S Doing Things that Get Them Involved In Your Presentation!

Audiences have short attention spans. If they’re not paying attention to you, the speaker, they’ll never GET IT!

GETTING IT!, i.e. understanding the message, is the goal of all communication; verbal, written, or visual. It’s your job, as the presenter, to keep their attention, helping insure they’ll GET IT! 

Great Content, alone, won’t do it! Your presentation needs to Educate, Entertain, and Explain your Content. If your presentation is poor, you will lose your audience – Period!

Even when the presentation and material is good, the minds of the audience will wander!

Things that can make paying attention to the speaker, tougher than normal, include:

  1. Attendees checking email, rustling papers (one of several reasons not to have handouts), and talking to others.

  2. A presentation room that’s too hot or too cold.

  3. Poor sound quality.

  4. Outside noises.

  5. Poor lighting.

The Solution – Periodically Interact with Your Audience!

  1. Ask Questions, and raise your hand while doing so.

  2. Example: “Who, within the last year, has changed, tweaked, or trashed their Elevator Speech?”

  3. After making a Point in your presentation, ask, “Does that make sense?”

  4. Pause, and look for facial expressions and body language that says, “It does!”

  5. If that’s not the message you receive, repeat, in a different manner, your point.

  6. Then ask, “Does it now make sense?”

  7. Ask your audience to Do Something.

  8. Examples:

  9. “Let’s try an experiment! On the Count of Three, I want everyone to take a Deep Breath, hold it for a moment, then Sigh. Ready? One – Two – Three, GO!

  10. “When I give you this signal, you say, “Ooooh!”

  11. Make statements that grab the attention of the audience and bring those back in, whose minds have wandered.

  12. Examples:

  13. This is Important!”

  14. “That’s worth repeating!”

  15. “If you get nothing but this fro my presentation today, this is it! Ready?”

  16. Use Humor!

  17. The audience loves to be entertained and humor is a great tool to use. Those who missed it will start paying attention! (At least for a while.)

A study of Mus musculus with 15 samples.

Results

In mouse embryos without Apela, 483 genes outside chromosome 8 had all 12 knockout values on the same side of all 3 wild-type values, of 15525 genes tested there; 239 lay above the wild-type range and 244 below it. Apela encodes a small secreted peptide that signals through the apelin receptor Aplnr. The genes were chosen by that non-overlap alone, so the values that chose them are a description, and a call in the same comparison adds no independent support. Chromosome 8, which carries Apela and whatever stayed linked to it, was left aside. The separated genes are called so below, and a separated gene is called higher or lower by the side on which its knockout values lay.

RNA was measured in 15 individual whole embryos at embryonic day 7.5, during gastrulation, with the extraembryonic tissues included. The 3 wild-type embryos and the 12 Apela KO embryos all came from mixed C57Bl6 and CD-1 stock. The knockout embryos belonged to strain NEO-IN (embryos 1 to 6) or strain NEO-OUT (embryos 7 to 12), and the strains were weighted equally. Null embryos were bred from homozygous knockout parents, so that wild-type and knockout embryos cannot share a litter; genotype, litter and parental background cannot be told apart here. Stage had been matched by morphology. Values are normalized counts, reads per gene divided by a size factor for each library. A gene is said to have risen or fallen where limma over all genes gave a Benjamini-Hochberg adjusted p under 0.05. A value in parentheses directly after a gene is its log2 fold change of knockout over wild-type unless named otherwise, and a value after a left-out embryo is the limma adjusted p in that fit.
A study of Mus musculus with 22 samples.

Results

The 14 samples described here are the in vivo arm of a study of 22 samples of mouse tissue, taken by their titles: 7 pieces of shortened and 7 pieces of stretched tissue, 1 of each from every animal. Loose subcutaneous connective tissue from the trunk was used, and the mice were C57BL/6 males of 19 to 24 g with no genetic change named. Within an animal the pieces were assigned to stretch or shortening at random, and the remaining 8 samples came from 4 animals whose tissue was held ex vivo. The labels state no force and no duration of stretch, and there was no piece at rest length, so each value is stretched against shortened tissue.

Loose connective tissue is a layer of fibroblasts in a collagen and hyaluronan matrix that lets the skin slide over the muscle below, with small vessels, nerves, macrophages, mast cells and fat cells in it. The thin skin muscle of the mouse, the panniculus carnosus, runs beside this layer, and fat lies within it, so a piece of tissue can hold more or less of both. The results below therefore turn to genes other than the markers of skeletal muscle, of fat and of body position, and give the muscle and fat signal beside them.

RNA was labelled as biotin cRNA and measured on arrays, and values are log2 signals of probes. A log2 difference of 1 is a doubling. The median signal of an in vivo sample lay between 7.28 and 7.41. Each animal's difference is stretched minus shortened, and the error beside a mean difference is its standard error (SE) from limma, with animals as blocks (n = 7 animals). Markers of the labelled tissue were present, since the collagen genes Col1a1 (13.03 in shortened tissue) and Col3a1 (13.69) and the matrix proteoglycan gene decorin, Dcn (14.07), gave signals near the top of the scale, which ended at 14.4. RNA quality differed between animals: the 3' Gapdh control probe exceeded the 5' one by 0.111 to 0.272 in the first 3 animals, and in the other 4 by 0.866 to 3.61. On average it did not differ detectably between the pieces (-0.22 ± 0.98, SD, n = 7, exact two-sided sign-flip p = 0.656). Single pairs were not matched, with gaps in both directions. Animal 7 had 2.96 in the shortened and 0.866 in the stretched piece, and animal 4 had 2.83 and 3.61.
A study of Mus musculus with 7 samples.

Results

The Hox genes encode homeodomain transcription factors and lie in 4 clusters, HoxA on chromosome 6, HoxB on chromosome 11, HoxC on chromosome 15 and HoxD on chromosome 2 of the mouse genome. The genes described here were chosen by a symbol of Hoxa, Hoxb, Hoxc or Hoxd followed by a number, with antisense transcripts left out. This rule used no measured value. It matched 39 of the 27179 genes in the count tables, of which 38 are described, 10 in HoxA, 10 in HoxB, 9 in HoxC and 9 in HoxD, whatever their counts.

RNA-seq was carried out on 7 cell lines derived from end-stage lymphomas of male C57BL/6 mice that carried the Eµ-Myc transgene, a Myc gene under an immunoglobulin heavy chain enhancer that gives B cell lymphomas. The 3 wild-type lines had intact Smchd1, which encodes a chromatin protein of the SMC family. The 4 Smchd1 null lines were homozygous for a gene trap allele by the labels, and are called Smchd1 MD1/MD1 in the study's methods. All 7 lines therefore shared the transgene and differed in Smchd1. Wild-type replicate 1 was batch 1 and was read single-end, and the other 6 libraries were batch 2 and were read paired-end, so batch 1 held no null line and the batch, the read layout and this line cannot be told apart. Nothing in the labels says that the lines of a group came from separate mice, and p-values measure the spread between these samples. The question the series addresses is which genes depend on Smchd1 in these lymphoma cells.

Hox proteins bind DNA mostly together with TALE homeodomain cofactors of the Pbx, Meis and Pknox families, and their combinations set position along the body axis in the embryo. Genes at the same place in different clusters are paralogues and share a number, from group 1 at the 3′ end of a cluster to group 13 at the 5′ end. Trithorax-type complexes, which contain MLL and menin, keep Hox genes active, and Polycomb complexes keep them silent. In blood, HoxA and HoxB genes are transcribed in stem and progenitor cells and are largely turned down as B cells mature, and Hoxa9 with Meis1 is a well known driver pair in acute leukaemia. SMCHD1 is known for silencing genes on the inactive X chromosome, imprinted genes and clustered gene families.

18. Be certain your presentation is Audience Centered.

  19. It’s not about you, the speaker. The audience wants to know what’s in it for them. Be focused on their needs and you’ll have more attention to your message.

  20. Use Props.

  21. Audiences have three learning Styles: Visual, Auditory, and Kinesthetic.

  22. Using two or more helps them GET IT! and keeps their attention.

  23. Example: PowerPoint/Keynote is a Prop. Use high quality, universally understood images, and you provide the text with your voice.

  24. Blank (black) slides will keep the attention of the audience and switch their eyes from the screen to you, the presenter.

  25. Paint a Word Picture for them.

  26. Example: “Picture this. Your boss calls you into her office early Monday morning, and says, . . .”

  27. Make your Audience Paint a Picture in their Mind’s Eye.

  28. Example: “Picture your favorite coffee cup.”

  29. Doing this will personalize that picture!

  30. Maximize your use of Facial Expressions, Gestures, and Body Movement.

  31. NonVerbal Communication trumps Verbal Communication.

  32. Using these “tools” will keep their attention as they look at you.

  33. Standing behind a lectern and “talking” is b-o-r-i-n-g!

Keep your Audience’s attention by doing things that get them involved in your Presentation and Your next Speech will be – NO SWEAT!

For reading, and/or listening, this far I’d like to give you Two FREE Gifts: An Elevator Speech Template and an Elevator Speech Worksheet.  (Who hasn’t struggled with their Elevator Speech!)

Go to: https://nosweatpublicspeaking.com/elevator-speech-template to receive it! (You may be asked to update your profile even if it hasn’t changed. Please do!)

About the Author Fred E. Miller is a speaker, a coach, and the author of the book, “No Sweat Public Speaking!” Businesses and individuals hire him because they want to improve their Public Speaking and Presentation Skills. They do this because we perceive really great speakers to be Experts. Perception is reality, and we rather deal with Experts.

They also know: Speaking Opportunities are Business Opportunities. Speaking Opportunities are Career Opportunities. Speaking Opportunities are Leadership Opportunities.

He shows them how to: Develop, Practice, and Deliver ‘Knock Your Socks Off Presentations!’ with – NO SWEAT!